The Environmental Protection Agency confirmed Tuesday night that it has begun working with local authorities to investigate a potential toxic spill stemming from two Exxon Mobil refineries damaged by the flooding caused by Hurricane Harvey.

"We are working with local authorities to investigate [and] will provide more information as we gather it," a spokeswoman told the Washington Examiner in an email.

Exxon filed a report earlier Tuesday with Texas environmental regulators saying its Baytown refining facility — the second-largest in the country — sustained damage after it became "partially" submerged due to record heavy rain. It also sustained damage to its Beaumont petrochemical refining facility.

The oil company said the damage caused the release of over 1,300 pounds of sulfur dioxide, which is a serious air pollutant and toxic gas regulated by the Environmental Protection Agency air and radiation office. The release followed damage to a sulfur thermal oxidizer, which captures and burns sulfur dioxide. Oxidizers are used commonly across a number of industrial sectors to capture the toxic gas.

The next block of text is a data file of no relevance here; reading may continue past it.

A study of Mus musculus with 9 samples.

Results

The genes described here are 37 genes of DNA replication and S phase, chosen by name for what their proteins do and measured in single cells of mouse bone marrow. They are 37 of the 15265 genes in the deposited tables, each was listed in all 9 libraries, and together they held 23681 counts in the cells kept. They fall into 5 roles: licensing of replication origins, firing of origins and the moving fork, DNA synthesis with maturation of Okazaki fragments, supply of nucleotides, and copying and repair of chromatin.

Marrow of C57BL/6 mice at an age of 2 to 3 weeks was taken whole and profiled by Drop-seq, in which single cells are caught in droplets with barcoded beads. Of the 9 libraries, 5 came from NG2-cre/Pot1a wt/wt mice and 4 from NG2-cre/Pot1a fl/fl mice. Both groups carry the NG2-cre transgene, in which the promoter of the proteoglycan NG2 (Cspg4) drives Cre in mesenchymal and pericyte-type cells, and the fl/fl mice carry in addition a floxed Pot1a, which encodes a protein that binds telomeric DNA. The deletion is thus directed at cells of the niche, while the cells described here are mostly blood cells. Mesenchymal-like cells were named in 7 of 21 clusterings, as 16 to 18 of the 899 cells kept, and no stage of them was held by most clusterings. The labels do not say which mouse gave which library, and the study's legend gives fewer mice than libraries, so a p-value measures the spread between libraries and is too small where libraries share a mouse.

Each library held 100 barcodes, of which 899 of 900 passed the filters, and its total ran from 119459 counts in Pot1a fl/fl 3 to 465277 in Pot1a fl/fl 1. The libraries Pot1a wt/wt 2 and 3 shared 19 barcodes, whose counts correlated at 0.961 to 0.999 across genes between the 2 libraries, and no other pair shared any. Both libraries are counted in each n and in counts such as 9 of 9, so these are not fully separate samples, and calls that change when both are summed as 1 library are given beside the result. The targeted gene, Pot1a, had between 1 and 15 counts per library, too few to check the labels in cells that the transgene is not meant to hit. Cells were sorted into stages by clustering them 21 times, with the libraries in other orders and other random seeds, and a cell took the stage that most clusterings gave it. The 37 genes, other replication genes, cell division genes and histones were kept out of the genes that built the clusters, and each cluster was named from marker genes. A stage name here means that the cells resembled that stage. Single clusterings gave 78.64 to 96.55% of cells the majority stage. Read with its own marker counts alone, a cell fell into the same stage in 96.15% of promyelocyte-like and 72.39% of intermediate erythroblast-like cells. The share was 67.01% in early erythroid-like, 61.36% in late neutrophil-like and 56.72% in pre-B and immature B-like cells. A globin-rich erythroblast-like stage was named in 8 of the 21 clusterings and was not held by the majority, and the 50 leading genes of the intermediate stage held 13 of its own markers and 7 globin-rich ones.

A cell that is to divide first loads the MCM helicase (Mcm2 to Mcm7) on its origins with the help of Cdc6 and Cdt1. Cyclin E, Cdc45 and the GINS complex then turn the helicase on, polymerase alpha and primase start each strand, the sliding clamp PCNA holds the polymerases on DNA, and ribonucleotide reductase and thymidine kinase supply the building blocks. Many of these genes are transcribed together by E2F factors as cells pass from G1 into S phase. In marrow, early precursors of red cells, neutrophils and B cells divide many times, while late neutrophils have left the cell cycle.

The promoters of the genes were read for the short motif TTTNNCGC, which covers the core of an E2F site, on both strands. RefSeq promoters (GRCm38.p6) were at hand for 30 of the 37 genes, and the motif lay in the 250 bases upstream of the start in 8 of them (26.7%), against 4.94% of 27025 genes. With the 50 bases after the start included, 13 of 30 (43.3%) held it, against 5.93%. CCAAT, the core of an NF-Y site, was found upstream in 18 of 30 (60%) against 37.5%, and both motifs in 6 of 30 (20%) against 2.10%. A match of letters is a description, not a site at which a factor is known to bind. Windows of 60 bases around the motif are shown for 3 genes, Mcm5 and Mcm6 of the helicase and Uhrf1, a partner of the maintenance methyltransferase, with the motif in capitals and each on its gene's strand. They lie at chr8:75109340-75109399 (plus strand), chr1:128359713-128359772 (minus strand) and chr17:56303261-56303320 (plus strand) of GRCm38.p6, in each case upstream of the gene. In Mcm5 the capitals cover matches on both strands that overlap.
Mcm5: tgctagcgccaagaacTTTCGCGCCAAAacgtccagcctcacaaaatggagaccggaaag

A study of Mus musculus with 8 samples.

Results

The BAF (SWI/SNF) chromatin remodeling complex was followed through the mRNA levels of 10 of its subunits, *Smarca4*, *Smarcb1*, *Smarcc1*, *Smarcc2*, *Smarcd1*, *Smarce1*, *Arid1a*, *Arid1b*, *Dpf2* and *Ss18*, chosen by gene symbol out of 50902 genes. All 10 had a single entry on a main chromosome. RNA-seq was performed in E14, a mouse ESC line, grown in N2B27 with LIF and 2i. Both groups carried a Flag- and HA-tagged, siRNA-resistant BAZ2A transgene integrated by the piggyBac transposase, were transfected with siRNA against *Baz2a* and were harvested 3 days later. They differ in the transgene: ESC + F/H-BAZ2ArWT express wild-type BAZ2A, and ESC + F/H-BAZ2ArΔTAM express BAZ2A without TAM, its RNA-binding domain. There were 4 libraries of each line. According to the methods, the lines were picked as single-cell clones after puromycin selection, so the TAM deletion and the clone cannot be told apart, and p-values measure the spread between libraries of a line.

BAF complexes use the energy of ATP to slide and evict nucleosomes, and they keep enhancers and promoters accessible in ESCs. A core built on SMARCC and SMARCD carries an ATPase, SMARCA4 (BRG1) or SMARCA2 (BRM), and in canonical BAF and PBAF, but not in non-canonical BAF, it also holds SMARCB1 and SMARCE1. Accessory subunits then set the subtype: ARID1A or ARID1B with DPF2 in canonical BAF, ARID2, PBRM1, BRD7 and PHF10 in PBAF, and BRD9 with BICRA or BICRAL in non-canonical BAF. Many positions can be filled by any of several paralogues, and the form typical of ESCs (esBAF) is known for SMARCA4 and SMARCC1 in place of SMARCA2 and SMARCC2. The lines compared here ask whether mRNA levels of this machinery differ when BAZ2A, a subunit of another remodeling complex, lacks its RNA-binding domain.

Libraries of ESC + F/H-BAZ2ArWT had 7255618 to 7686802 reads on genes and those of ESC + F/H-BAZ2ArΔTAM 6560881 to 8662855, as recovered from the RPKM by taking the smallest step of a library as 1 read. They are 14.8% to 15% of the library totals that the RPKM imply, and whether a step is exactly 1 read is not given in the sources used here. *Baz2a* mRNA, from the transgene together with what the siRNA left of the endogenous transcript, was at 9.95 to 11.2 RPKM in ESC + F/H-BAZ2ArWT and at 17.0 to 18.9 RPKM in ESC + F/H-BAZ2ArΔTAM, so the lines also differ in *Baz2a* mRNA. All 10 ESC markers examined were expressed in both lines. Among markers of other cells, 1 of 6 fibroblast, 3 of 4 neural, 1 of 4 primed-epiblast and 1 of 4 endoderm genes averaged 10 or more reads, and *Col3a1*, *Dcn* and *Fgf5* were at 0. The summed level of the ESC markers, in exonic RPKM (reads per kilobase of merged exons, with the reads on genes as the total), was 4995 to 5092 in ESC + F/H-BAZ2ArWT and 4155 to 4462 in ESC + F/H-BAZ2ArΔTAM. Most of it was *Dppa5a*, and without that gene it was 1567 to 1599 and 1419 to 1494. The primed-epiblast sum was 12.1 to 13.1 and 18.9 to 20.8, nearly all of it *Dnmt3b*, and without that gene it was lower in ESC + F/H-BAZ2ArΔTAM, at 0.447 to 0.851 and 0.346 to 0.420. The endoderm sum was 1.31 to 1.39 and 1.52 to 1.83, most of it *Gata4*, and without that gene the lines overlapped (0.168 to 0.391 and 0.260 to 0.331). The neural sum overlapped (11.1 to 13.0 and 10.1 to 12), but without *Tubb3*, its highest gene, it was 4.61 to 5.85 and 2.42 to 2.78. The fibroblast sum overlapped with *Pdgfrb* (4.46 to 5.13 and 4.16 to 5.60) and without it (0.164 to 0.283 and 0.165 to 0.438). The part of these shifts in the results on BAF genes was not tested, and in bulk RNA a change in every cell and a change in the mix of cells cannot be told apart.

EPA Administrator Scott Pruitt was unaware of the refinery sulfur dioxide release earlier on Tuesday when he called into the Chad Hasty Show on KFYO in Lubbock, Texas, to talk about his role in the federal recovery effort following the hurricane and the ongoing flooding.

Pruitt said the agency's priority was monitoring 300 waste water treatment facilities that the agency feels may be vulnerable for possible release of contaminated water. Safe drinking water is another area of concern, as well as approving Clean Air Act waivers to allow the supply of gasoline and diesel to flow more easily to market without having to meet federal emission specifications requiring special blends, he said.

Hasty asked Pruitt, "Are we hearing of about any leaks ... or does it look as though people took care of business before the storm hit and we might be OK?"

Pruitt answered, "We have not had any reports of any concerns there."

Pruitt added that there's roughly 516,000 gallons of refining capacity being impacted by the storm that is shut down presently. "Hopefully, those are going to be able to come back on soon, but our private sector companies and industry did a great job in advance of the storm preparing," he said.